WHAT IS VEHICLE GRADING?
The aim of the NAMA grading scheme at its highest level is to deliver key benefits to all the parties involved in the transaction. It is designed to facilitate the buying and selling process of a used car in a condition that is better understood by both parties. With a better understanding of a vehicle condition it should be possible to more accurately anticipate a selling price that is consistent with the typically observed prices for similar cars in the same trading period, subject to similar market conditions.
The scheme consists of 5 grades, termed 1 to 5. There is also an unclassified grade for vehicles that are badly accident damaged or require high levels of repair. Also auctions and vendors may choose to give certain cars an unclassified grade probably if they are very high mileage or old.
- Minor repairs, for example, small dent without paint damage or touch in type repair
- Missing minor trim items, e.g. tow eye cover
- Any panels which require paint
- 1 medium bodyshop repair or a combination of 1 medium bodyshop repair and several minor repairs
- May have up to 7 minor repairs or a combination of minor repairs and small missing components
- Any vehicle with more than 1 medium bodyshop repair
- Up to 4 medium bodyshop repairs
- Could require a new bumper but not 2
- Up to 3 major bodyshop repairs
- A single major repair and some medium and/or minor repairs
- Major repairs to structural components; example roof of quarter repair
- More than 1 major repair
- More than 2 major repairs
- More than 5 major repairs
- More than 2 structural repairs or 2 with any other damage
- Combination of all the above up to a total of 3500 points
- Vehicles in this grade are simply uneconomical to appraise and fall into one of the following categories
Substantial accident damage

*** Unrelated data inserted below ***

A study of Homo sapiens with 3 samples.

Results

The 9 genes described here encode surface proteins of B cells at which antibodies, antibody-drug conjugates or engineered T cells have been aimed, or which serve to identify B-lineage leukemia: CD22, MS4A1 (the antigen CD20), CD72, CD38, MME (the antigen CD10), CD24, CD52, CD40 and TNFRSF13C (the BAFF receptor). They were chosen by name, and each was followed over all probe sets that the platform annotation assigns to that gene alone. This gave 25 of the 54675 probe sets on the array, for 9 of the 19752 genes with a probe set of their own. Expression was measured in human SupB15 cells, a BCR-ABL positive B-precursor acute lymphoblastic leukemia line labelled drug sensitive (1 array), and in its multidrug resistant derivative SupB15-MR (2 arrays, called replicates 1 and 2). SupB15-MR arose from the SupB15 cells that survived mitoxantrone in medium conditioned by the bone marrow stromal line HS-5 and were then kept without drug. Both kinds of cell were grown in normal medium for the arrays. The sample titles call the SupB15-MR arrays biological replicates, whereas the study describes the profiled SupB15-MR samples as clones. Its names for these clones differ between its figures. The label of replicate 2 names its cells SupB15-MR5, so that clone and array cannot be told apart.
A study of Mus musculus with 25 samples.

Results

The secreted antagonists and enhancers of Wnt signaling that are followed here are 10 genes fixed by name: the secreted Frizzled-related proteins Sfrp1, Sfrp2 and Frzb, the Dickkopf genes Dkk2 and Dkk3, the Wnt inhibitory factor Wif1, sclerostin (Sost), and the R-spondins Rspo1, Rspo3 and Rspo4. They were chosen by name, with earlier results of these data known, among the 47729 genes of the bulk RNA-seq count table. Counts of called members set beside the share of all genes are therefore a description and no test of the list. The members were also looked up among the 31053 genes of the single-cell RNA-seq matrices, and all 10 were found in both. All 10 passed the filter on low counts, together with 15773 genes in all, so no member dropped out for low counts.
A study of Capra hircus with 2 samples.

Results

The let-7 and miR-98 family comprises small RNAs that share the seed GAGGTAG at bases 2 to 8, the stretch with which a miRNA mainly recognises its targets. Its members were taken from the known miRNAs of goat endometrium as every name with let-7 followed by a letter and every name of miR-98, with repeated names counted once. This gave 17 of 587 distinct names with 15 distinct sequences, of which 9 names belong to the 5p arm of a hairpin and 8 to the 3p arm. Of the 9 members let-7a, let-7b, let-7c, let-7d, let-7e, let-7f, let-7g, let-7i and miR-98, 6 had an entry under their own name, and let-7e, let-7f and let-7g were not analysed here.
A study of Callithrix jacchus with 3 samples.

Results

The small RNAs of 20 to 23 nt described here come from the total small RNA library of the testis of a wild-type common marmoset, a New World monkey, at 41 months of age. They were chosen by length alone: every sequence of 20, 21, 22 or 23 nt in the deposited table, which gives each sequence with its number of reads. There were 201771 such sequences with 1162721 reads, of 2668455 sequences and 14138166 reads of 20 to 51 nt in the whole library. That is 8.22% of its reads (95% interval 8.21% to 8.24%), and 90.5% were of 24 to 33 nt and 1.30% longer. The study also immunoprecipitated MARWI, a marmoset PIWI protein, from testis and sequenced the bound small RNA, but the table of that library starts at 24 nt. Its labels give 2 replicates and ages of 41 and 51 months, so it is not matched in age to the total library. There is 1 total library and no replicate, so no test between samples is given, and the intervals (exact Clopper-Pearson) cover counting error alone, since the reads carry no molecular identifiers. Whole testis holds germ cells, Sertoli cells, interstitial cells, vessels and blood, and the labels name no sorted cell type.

- Major parts missing
- Multiple recorded items exceeding the criteria of Grade 5
- Multiple unrecorded items
Note: The use of ‘U’ grade limits the amount of damage that can be recorded against a grade 5 vehicle and keeps the band tighter. Component/Damage Severity Scores An appraiser should be proficient in recording objectively the damage/severity of component. However, it is likely to be the method of repair that will actually determine the effect of the item of damage on the overall value of the vehicle – this would need to be determined by an appropriately qualified individual. An anticipated repair methodology has been used to allocate by the panel of ‘experts’ as follows: Dent to Panels Severity: Repair Method: 2 or less up to 10mm Smart repair Over 2 up to 10mm Smart repair Between 10mm and 30mm Smart repair With paint damage Repair and refinish Between 30mm and 100mm Repair and refinish Over 100mm Repair and refinish Over 30% of panelScratch to Panels Severity: Repair Method: Up to 25mm not through paint Machine polish Over 25mm not through paint Machine polish Up to 25mm through paint Smart repair Between 25 and 100mm through paint Refinish Over 100mm through paint Refinish Rusted Refinish The above is to be used for scoring only and should not be used as an indication of the actual repair requirements. Information Only – 0 Points Some information will be included on the appraisal that will relate to items that do not warrant a score such as light scratching which will normally polish out or to replacement parts (e.g. exhausts) that do not form part of the evaluation of cosmetic condition report.